AMSTERDAM: November 3, 2016. Social enterprise Circle Economy has received a €250,000 grant from the C&A Foundation for its 'Circle Textiles Programme'.
Created in 2014, the program is developing a commercial and scalable model for closing the loop on post-industrial, pre-consumer, and post-consumer textiles.
"Thanks to C&A Foundation's generous grant, we can push this ambitious program to the next level and take the bold steps necessary to scale our zero waste mission. We plan to build on the success and expertise of the Circle Textiles Program to date, but also develop new tools for the industry that are critical in engaging companies in closed loop strategies," said Gwen Cunningham at Circle Economy.
The cooperative will develop a 'Circle Fashion' tool to support global brand decision makers understand the business case and environmental impacts behind closed-loop recycling and sourcing, plus the environmental and economic impacts of textile waste within the industry.
The C&A Foundation, set up by the C&A fashion group, thinks the industry "isn't working for the good of the 150 million people who make our clothes," adding that forced labour is hidden in "complex, murky supply chains".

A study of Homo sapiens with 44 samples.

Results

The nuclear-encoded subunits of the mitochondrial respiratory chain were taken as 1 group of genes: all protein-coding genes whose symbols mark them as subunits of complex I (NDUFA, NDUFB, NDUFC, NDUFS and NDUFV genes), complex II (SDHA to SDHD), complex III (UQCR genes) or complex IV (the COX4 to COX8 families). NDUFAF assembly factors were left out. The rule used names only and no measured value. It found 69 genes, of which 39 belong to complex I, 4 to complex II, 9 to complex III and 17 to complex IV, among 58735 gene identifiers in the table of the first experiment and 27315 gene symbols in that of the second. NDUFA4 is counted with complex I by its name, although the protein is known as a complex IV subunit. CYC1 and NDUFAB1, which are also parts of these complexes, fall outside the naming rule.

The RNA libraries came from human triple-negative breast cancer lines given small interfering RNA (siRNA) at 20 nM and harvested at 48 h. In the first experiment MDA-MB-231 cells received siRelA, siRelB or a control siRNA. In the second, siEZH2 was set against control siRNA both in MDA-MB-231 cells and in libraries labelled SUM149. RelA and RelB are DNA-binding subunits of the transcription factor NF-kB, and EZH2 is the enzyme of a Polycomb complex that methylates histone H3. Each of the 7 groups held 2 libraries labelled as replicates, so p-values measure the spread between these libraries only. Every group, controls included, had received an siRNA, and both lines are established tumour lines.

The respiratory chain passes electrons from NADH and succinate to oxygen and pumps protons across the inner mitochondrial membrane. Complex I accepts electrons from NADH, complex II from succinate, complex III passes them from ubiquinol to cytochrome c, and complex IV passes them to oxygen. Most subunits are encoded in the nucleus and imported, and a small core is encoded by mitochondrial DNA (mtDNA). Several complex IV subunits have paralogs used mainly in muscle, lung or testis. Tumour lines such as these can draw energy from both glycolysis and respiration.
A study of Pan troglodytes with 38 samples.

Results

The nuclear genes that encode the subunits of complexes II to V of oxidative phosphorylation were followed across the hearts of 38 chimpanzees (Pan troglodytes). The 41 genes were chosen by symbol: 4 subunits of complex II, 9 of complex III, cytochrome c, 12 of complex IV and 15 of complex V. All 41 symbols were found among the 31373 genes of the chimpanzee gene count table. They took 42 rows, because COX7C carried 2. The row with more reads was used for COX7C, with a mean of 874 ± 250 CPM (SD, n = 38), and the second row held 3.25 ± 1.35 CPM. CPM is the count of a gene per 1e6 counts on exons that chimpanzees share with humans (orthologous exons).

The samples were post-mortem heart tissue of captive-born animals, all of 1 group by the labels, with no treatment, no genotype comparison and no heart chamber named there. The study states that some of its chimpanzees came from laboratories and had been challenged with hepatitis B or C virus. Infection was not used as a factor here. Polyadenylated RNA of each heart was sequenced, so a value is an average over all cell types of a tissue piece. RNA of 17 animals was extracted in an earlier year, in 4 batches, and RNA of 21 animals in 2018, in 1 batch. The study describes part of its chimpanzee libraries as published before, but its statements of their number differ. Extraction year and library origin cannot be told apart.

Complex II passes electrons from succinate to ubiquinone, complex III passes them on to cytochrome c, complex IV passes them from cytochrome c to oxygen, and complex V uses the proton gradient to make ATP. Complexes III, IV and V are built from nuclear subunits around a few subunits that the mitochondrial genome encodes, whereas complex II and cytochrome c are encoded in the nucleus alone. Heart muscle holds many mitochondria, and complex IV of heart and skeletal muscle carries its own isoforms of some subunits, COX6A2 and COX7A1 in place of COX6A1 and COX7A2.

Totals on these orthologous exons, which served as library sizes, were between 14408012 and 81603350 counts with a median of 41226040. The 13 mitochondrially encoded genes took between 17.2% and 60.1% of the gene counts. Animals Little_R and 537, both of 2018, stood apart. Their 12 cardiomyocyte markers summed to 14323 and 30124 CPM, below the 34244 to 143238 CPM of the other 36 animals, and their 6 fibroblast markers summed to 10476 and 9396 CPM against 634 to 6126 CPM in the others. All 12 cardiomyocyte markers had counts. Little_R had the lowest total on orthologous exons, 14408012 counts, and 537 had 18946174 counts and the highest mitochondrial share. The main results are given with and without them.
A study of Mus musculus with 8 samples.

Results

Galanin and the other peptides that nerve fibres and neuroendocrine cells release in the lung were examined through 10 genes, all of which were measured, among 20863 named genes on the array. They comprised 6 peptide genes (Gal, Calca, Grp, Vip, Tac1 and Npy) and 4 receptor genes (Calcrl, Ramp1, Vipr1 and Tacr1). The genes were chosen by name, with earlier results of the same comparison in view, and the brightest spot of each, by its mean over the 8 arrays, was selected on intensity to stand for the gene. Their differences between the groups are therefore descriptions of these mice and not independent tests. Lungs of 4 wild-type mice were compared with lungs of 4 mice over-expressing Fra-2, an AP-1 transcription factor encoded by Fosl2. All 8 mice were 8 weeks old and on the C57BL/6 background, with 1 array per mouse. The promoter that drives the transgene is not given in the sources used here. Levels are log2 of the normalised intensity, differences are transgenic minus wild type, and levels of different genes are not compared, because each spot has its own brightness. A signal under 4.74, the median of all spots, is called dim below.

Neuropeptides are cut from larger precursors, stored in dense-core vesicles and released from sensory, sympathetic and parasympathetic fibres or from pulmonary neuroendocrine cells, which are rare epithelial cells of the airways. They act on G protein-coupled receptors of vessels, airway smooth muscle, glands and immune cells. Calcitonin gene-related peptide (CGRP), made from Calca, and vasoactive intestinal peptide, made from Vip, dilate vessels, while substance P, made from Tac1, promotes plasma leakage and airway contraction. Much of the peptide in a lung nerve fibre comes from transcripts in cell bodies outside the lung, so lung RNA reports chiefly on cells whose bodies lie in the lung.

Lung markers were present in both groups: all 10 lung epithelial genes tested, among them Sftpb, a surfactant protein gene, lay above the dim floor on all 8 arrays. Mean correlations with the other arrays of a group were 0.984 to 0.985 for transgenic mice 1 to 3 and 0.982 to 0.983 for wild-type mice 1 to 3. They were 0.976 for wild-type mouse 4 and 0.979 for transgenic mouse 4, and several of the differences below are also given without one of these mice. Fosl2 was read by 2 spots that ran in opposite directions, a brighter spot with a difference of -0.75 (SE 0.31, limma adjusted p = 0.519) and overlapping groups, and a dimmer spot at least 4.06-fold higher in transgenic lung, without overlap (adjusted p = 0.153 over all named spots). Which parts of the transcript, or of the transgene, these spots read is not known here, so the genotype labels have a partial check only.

Executive director Leslie Johnston commented: "We believe that fashion can be a force for good. Circle Economy's pragmatic, tool-based approach will make it easier for the global apparel industry to transition to new, restorative business models."
In December last year the European Commission published its revised proposals to encourage EU Member States adopt a circular economy which it claims will save companies €600 billion, create 580,000 jobs, and reduce carbon emissions by 450 million tonnes a year.
The proposals cover the 'cradle-to-cradle' lifecycle from production and consumption to waste management and the market for secondary raw materials. The goal is to extract the maximum value and use from all raw materials, products and waste.
The EC has made €6.15 billion available in new funding in order to halve food waste by 2030, develop quality standards for secondary raw materials, and promote standards for reparability, durability and recyclability of products.